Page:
MINNEAPOLIS (WCCO) -- George Floyd is a name now known around the world.
One month ago Thursday, Floyd died in Minneapolis after a police officer knelt on his neck for nearly eight minutes. A lot has happened since Floyd's death, both here in the Twin Cities and across the country -- from protests, to efforts to change the law, to a renewed focus on inequality throughout the world.
A day after Floyd's death, all four Minneapolis officers involved were fired. What happened next was an outcry for the history books that began with several nights of unrest in the Twin Cites. Hundreds of businesses in Minneapolis and St. Paul were looted, damaged, and burned. Gov. Tim Walz activated more than 5,000 National Guard soldiers to help restore order.
For days, people protested outside the Minneapolis Police Department's 3rd Precinct. Eventually, officers were told to leave the building; that's when it was burned and broken into.
Four days after Floyd's death, the now-fired officer Derek Chauvin was arrested and charged with third-degree murder. Some thought that wasn't enough, and protesters wanted all four fired officers behind bars. Their cries for justice were heard.
Five days after Chauvin was charged, the three other fired officers were also arrested and charged, and we saw changes to Minneapolis Police policy. Choke-holds and neck restraints are now banned.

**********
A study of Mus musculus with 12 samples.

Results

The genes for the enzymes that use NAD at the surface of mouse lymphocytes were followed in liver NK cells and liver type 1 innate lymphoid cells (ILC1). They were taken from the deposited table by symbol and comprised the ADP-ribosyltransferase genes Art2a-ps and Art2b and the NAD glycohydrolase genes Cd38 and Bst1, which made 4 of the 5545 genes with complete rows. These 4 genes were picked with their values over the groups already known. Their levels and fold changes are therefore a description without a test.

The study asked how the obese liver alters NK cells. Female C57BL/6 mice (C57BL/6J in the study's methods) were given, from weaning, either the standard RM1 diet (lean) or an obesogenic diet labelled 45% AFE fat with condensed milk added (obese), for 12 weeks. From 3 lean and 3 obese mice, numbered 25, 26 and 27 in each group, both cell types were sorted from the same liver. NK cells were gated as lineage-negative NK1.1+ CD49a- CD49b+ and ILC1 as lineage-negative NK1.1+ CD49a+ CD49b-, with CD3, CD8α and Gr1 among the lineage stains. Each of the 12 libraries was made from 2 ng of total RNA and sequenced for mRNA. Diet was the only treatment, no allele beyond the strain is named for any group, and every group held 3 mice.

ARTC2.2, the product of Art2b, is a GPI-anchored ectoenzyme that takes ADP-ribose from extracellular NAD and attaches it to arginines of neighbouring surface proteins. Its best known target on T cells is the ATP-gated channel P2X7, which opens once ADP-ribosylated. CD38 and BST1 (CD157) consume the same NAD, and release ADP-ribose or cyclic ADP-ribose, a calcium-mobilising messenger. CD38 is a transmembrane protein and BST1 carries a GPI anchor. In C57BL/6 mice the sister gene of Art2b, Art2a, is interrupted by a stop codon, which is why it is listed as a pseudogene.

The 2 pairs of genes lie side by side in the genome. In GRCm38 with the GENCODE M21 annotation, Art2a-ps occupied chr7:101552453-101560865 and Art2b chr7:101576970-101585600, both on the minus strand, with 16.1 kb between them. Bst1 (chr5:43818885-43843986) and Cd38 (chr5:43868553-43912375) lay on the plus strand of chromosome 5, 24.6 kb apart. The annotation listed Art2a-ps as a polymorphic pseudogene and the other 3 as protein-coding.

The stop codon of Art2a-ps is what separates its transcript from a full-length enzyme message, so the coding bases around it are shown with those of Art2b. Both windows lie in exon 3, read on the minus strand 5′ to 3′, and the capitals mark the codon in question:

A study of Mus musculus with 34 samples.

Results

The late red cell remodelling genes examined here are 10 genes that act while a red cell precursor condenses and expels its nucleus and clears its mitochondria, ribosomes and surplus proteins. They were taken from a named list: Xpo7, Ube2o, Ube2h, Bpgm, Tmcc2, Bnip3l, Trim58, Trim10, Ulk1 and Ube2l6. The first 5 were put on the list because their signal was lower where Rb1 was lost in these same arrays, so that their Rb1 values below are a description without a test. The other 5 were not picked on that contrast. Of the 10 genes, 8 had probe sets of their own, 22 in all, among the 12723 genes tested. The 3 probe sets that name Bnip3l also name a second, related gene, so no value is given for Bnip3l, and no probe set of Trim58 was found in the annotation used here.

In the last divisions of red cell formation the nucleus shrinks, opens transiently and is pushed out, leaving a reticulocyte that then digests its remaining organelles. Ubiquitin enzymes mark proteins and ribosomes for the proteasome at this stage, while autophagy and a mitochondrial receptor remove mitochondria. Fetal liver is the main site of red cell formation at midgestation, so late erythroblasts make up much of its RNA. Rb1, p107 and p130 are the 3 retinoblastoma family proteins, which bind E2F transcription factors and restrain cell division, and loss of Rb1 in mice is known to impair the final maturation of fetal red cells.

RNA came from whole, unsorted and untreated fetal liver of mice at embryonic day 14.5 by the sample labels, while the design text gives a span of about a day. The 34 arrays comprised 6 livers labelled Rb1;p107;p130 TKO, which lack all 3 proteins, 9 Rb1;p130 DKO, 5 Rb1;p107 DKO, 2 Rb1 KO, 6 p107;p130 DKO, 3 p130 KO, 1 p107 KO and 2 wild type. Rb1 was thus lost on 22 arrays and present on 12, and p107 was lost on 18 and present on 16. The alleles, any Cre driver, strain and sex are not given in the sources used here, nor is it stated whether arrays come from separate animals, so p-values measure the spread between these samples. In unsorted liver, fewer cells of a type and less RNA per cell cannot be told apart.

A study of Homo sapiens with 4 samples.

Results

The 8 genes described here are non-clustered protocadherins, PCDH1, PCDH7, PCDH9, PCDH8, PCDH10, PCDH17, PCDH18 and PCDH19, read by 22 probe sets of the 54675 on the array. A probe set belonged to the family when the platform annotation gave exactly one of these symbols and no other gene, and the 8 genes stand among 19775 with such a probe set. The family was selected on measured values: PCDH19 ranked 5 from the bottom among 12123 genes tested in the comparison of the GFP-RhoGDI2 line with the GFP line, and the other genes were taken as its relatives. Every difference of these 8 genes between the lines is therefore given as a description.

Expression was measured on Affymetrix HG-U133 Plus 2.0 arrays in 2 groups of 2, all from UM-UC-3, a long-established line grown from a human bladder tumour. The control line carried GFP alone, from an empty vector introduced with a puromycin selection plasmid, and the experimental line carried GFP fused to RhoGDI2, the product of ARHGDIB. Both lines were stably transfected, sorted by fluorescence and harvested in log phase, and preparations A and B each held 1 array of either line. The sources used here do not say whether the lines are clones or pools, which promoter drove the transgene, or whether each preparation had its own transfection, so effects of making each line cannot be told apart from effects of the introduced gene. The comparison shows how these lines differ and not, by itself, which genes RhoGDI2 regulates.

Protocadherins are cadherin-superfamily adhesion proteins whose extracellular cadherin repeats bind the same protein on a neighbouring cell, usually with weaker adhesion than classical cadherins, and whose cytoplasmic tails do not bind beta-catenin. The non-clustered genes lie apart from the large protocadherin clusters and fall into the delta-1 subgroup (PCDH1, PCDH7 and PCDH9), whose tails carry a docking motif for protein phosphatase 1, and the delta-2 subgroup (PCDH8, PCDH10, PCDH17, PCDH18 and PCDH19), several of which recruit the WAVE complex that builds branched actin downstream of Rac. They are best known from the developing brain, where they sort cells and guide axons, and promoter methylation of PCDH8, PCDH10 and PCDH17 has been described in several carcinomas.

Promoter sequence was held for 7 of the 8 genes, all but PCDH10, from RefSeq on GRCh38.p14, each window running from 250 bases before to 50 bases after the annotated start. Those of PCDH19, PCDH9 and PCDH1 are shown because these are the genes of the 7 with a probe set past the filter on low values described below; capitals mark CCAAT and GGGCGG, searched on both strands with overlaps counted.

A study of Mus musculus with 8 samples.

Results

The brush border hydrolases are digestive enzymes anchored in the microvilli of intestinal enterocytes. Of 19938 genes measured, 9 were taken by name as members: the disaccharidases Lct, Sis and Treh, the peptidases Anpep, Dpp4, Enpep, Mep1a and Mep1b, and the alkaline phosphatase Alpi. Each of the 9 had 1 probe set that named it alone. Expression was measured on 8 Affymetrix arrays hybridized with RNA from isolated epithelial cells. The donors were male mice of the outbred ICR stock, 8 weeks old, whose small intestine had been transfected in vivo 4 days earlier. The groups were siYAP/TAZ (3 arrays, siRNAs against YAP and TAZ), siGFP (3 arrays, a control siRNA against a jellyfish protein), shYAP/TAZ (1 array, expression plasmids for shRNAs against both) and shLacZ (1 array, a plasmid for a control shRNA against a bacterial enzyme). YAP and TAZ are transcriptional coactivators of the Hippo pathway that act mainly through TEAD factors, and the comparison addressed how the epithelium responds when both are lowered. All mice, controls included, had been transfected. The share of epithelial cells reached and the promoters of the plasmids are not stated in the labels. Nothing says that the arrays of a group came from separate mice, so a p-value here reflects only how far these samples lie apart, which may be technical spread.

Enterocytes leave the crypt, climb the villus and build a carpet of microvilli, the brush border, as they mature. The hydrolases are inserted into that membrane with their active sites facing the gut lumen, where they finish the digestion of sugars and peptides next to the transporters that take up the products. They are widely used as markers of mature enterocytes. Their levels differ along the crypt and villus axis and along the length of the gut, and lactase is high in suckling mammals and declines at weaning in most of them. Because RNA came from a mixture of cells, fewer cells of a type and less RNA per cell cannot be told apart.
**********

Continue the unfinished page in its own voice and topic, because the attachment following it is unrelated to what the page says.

At the State Capitol, the DFL-controlled House and Republican-controlled Senate couldn't agree on police reform, and their special session ended with no action taken.
Throughout all the unrest and the heartache, one place has remained a steadfast site of solace -- the intersection of 38th Street South and Chicago Avenue, where Floyd took his last breaths. People who come here to honor his life have hope that change is coming.
Minneapolis city leaders say the streets around Floyd's growing memorial at 38th and Chicago will remind closed while they consider future plans for the area.
As of this week, five Minneapolis City Council members are pushing ahead with plans to change the Minneapolis city charter. Council members Ellison, Cano, Gordon, Fletcher, and Bender want to replace the police department with "a department of community safety and violence prevention." They released the proposed charter amendment with new language outlining the department's duties. Voters would have the final say in November.